By Dar Mead
Las Vegas usually lands all the big fights especially because of the money to be made at the casinos.
Places like the Dallas Cowboys Stadium, Yankee Stadium, Staples Center have all been mentioned. Recently Bill Clinton’s former political adviser James Carville, a big boxing fan, has been very outspoken on his campaign to get the fight to Louisiana at the New Orleans Superdome. He’s even willing to talk to Louisiana Governor Bobby Jindal about getting a tax waiver for the fight.
James Carville loves boxing and his intentions to bring the sports biggest event to his beloved hometown of New Orleans makes a lot of sense.
“There is an incredible narrative here,” Carville said. “This fight could signal a rebirth for boxing and the city of New Orleans. We could have one together.”
Rebirth and recovery is what New Orleans is going through, after enduring the 2005 Hurricane Katrina disaster which destroyed most of the city. Boxing is going through it’s own rebirth and recovery, once a top viewed sport in the United States, it has dwindled in the past couple of years with very little media coverage.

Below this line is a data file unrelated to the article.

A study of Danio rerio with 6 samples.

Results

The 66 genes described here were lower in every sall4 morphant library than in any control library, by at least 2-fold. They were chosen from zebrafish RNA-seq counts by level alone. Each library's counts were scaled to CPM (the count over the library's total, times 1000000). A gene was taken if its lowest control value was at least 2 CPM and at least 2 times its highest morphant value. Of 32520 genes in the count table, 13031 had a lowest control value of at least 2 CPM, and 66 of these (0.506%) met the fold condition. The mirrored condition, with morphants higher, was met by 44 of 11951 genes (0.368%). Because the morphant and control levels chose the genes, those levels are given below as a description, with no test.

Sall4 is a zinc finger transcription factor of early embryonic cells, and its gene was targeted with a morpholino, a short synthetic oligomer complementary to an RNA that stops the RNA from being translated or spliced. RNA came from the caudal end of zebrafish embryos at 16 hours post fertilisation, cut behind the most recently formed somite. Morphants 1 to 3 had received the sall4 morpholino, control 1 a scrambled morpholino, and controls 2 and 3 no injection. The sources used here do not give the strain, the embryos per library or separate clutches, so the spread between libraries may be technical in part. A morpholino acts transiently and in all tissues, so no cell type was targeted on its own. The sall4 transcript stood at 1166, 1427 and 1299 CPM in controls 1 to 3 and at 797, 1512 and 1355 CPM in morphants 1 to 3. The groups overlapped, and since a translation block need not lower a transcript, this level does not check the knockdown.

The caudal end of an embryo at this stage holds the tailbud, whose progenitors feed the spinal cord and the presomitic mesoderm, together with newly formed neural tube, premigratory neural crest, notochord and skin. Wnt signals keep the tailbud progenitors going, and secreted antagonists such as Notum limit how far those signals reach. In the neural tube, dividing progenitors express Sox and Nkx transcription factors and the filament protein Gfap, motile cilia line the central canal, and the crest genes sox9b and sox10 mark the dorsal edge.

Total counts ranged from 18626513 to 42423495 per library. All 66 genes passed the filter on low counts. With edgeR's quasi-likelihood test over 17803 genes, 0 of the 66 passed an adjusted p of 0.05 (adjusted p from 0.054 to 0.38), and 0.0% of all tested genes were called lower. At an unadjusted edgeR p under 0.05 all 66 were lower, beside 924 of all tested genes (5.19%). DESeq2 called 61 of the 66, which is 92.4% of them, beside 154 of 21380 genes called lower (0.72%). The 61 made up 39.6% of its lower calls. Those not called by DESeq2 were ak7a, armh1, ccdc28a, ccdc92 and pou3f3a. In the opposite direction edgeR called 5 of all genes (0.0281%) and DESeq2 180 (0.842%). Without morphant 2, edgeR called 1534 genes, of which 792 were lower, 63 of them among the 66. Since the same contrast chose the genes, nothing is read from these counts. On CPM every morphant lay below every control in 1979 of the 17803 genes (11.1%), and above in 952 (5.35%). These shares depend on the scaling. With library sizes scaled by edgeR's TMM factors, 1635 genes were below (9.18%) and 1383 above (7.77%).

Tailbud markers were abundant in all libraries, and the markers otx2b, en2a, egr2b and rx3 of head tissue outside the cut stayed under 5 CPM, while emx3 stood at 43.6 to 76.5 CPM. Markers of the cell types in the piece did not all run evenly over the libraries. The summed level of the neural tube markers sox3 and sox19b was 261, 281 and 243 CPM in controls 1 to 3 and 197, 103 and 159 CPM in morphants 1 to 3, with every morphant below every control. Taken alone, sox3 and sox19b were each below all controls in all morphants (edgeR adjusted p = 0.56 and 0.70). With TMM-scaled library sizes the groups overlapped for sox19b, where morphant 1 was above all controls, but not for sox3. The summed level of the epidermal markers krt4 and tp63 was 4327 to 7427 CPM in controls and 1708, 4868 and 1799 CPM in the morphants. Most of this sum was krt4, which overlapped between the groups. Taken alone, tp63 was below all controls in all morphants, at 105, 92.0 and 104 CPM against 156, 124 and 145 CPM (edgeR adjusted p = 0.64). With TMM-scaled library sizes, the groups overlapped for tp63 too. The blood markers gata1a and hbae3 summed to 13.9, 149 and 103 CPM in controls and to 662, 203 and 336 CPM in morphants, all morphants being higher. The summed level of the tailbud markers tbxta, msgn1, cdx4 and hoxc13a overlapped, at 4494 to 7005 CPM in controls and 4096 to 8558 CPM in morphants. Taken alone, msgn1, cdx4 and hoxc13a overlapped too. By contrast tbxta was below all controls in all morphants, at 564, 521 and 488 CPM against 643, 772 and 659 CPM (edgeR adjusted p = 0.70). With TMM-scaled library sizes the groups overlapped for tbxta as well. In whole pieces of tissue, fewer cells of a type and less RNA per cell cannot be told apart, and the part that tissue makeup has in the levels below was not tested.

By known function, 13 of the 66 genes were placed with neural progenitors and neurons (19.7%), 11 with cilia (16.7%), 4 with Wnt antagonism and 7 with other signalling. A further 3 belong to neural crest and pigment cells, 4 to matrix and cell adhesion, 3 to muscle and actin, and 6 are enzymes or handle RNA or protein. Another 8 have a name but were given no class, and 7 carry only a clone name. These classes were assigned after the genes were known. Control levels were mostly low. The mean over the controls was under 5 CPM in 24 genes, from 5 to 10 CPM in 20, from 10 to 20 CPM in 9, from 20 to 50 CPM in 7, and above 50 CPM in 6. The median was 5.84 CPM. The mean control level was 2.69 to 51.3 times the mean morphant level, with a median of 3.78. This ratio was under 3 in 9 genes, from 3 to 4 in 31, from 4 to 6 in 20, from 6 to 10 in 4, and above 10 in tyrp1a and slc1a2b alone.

Boxing is far from dead. It’s just that the great amazing fights never really get any mainstream media attention. Only the die hard fans of the sport got to truly enjoy the epic battles and thrillers of recent history such as the Raphael Marquez vs. Israel Vasquez Trilogy, Juan Manuel Marquez vs. Juan Diaz, Diego Corrales vs Jose Luis Castillo 1, Shane Mosley vs. Antonio Margarito, Juan Manuel Lopez vs. Rogers Mtagwa, the list goes on and on.
Boxing on an international scale is still very much alive and well. Boxing has suffered some knockdowns, but they are not ready to be counted out and just like New Orleans both are ready to rise again.